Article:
Westin Lippold was done playing football three years ago. He was sure of it.
Following his freshman year at Windham High, Lippold made the decision to stop playing football to focus on baseball.
“I absolutely thought my football career was over a few years ago,” said Lippold. “I didn’t think I would ever return.”
Not only did he return for one more big season but, this week, he’s now suiting up with the best of New Hampshire seniors.
Following a breakout senior campaign with Windham in the fall, Lippold will play receiver and defensive back for the East squad in the annual CHaD (Children’s Hospital at Dartmouth-Hitchcock) New Hampshire All-Star football game on Saturday (1 p.m.) at St. Anselm College.
“I’m extremely excited to play in this year’s CHaD game,” said Lippold. “It means so much to me to be able to play one last football game before my football career comes to an end, in a game with such a great purpose and with some of the best players in the state.”
Lippold caught 17 passes for 200 yards and a touchdown during his four-game, coronavirus-shorted senior season in the fall, and earned All-New Hampshire Division 1 South second team honors for his play at defensive back.
“Westin is a natural athlete and an amazing teammate,” said Windham football coach Jack Byrne. “I’m so glad he came back as a senior, because his impact was felt immediately on both sides of the ball.
“He could make plays as a wide receiver, but also took pride in his blocking and other things that made others around him better. Defensively, he was so coachable and he just understands the big picture of any sport he plays.”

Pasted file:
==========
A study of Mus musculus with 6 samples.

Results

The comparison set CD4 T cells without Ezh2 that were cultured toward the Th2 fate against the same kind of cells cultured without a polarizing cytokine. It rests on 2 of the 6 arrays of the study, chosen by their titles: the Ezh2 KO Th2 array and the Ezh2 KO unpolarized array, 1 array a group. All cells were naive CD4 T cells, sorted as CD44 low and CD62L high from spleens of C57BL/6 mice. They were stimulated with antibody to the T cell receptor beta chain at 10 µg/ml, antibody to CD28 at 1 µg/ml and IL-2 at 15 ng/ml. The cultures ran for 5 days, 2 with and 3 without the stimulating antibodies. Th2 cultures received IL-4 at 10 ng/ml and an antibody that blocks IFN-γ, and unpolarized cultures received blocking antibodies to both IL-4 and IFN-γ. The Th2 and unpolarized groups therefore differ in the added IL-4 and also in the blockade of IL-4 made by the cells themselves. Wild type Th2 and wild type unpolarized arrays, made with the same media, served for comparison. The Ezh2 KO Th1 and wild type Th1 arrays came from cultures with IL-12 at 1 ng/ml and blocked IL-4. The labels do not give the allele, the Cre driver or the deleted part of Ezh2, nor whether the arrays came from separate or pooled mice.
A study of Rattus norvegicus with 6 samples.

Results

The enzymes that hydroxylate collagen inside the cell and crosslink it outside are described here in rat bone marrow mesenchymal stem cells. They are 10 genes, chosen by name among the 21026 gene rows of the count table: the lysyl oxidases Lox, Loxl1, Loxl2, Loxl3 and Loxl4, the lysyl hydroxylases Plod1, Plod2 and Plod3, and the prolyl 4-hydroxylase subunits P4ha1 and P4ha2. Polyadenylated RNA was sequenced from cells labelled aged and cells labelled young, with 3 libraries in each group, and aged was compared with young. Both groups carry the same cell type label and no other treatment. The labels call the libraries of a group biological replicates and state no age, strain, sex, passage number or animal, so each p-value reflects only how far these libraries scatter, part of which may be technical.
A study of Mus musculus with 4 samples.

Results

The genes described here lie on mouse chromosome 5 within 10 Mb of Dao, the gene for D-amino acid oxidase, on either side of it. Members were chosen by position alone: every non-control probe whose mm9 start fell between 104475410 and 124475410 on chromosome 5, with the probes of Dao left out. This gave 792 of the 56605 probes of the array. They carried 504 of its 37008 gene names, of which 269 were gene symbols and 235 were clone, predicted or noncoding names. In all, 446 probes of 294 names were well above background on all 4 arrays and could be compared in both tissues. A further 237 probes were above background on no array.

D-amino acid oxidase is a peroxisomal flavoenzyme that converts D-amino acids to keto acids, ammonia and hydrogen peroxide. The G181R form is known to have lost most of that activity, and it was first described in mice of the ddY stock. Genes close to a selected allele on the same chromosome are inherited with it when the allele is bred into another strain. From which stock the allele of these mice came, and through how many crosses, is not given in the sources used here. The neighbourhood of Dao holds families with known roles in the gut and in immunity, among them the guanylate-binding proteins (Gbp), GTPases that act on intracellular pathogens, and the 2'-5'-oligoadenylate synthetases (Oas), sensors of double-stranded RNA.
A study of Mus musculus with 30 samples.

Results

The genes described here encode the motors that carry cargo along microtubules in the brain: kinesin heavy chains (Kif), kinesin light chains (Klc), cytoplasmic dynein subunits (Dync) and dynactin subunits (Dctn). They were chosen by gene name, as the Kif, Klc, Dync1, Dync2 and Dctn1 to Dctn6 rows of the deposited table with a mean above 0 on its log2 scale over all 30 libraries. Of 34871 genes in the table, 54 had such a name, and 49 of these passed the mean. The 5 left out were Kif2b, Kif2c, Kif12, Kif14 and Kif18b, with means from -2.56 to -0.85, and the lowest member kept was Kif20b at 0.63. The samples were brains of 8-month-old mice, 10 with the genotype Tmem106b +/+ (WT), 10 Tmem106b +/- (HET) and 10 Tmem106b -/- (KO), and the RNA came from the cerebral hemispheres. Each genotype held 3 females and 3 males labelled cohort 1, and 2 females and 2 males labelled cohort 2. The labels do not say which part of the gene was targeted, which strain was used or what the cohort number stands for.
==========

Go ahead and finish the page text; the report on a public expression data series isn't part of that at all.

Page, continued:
FOOTBALL EXIT, THEN RETURN
A baseball standout and basketball player, Lippold had no intention of playing football during his sophomore and junior years.
“I joined the freshman football team halfway through the year and had so much fun,” he said. “But after that, I hung up the cleats to focus on baseball. I didn’t really consider playing again, at least not until summer going into senior year.”
But thanks to the work of Byrne, his coaches and some friends, Lippold began to reconsider his stance.
“First, the coaching staff does a great job of recruiting kids and definitely did a good job reeling me in. And with the new spread offense, I could see myself fitting in really well.
“Next was my friends who I grew up playing with since third grade. They kept asking me to play one last time, so that definitely had a major influence on me. Last was my oldest brother (former Windham QB) Tucker, who always told me to play.”
BECOMING AN ALL-STAR
After impressing in summer 7-on7s, the 6-foot-2, 180-pound Lippold won a starting job as a defensive back, while emerging as Windham’s go-to receiver.
Lippold’s breakout performance came in a near upset of Salem, when he caught four passes for 73 yards and a highlight-reel 14-yard touchdown pass from basketball teammate Joey DaSilva. Lippold also caught nine passes for 80 yards against defending Division 1 champ Londonderry.
“Westin’s the kind of kid I’d want as a partner in any backyard barbecue game,” said Byrne. “He just figures things out and finds a way to win. Most importantly, the way he wins makes you want to root for him because he enjoys competition and treats everyone the right way.”
Lippold is now pumped to take the field one final time in the CHaD game.
“I’m excited to represent Windham,” he said. “It’s meaningful to play for such a great cause, especially with how blessed I have been in my life. It really means a lot to be doing everything we can to help these kids, many of them who are struggling.”
Three-sport standout Westin Lippold was named Windham’s male Athlete of the Year for the 2020-21 school year.
In baseball, Lippold was 5-2 with a 1.38 ERA and three shutouts, including a no-hitter against Spaulding. He also hit .317 with 10 runs and 8 RBIs.
In football, he caught 17 passes for 200 yards and a touchdown, and excelled as a defensive back. He was also a quad-captain and key contributor in basketball.
“It meant so much to me to be a three-sport athlete,” said Lippold, who will attend Quinnipiac and doesn’t plan to play sports.
“ I like to be well-rounded, and I really just love any opportunity I can to play sports. The biggest challenge is keeping track of everything, because in the summer I’d have a baseball doubleheader, then a basketball open gym and then a football workout.”